Isadora Duncan (above, in 1908) is a legendary name in the world of dance. Born in San Francisco in 1877, Isadora moved to Paris in 1900 where she taught a style of dance freed from the constraints of classical ballet technique. She also performed, and her reputation for dancing to classical music wearing a Grecian tunic in her bare feet and with hair down made her a celebrity.
In her private life, Duncan's affair with Paris Singer (of the sewing-machine Singers), her tempestuous marriage to poet Sergei Yesenin and an affair with the poetess Mercedes de Acosta (as well as a rumoured dalliance with Eleanora Duse) were manifestations of her free-thinking lifestyle. She embraced Communism; she gave birth to three children out of wedlock, though none survived her.
Fatal accidents plagued Isadora to the end: her father died in the sinking of the SS Mohegan in 1898 and her two young children were killed in a bizarre accident in Paris in 1913 when a car in which they were sitting with their nanny rolled into the Seine. Duncan met her own death in an equally strange manner: riding in an open car, her long scarf became entangled in the rear wheel and she was strangled.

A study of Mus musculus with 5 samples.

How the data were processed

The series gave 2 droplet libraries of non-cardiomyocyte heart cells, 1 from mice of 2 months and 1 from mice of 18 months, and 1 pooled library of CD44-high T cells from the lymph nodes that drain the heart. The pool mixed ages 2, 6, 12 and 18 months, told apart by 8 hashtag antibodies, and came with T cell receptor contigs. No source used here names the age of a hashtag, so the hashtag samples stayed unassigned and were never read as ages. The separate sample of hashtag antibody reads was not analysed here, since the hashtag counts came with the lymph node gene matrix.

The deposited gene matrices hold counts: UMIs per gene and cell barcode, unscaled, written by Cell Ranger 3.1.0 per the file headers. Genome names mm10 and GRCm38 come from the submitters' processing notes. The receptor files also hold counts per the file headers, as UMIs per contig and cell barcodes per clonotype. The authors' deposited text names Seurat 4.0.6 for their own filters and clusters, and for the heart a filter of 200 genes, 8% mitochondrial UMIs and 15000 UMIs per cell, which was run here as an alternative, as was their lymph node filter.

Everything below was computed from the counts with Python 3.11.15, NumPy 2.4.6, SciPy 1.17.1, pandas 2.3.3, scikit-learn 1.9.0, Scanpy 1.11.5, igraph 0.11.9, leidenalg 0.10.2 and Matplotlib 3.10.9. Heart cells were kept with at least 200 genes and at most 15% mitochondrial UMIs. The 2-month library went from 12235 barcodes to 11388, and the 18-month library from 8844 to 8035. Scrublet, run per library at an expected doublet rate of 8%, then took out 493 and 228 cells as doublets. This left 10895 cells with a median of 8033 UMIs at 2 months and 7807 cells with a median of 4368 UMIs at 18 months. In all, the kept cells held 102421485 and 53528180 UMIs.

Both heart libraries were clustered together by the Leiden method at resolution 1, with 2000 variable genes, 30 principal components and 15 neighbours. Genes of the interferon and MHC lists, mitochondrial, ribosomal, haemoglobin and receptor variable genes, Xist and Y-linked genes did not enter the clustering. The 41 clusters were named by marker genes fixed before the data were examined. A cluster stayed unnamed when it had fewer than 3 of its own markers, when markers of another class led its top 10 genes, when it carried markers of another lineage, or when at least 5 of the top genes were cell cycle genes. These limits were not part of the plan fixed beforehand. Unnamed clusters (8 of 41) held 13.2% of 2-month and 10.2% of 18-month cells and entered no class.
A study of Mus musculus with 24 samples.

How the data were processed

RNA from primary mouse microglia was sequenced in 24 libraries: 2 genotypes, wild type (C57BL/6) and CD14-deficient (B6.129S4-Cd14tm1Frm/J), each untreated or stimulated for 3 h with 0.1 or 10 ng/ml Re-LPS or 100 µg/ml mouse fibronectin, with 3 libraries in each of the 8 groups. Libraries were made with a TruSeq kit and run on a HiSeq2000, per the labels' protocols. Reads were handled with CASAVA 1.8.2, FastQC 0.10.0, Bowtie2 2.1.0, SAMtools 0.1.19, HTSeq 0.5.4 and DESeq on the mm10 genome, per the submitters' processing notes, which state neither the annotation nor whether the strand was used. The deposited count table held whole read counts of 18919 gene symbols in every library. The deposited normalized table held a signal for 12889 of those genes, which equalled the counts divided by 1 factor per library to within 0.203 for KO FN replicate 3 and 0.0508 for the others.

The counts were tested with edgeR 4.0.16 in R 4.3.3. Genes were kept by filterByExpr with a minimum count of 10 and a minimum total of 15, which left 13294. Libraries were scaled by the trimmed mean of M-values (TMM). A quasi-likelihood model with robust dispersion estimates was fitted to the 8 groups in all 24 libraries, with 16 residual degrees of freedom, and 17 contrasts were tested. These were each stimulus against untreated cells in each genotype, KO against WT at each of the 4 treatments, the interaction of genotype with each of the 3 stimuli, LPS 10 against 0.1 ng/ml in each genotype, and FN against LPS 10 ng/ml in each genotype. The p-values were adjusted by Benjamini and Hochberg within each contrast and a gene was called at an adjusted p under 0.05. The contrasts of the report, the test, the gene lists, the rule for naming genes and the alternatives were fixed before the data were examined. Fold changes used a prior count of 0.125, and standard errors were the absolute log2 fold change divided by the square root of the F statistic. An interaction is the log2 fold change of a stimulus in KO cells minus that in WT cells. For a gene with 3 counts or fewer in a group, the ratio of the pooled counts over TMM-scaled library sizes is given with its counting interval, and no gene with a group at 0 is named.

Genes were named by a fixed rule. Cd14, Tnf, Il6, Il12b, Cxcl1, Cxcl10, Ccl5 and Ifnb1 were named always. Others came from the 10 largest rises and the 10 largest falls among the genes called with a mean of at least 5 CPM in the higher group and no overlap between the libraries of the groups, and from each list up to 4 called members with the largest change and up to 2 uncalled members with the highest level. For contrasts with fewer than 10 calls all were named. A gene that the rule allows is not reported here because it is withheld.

People today may be familiar with the tragedies of Duncan's life and of her pioneering work as a dancer but: what were her dances actually like? The group IsadoraNOW under the direction of Elyssa Dru Rosenberg have invited us to a rehearsal on Halloween evening. Watch a brief video here of dancers from IsadoraNOW performing, and there's a lovely gallery of photos of the Company here. I'm very much anticipating this experience.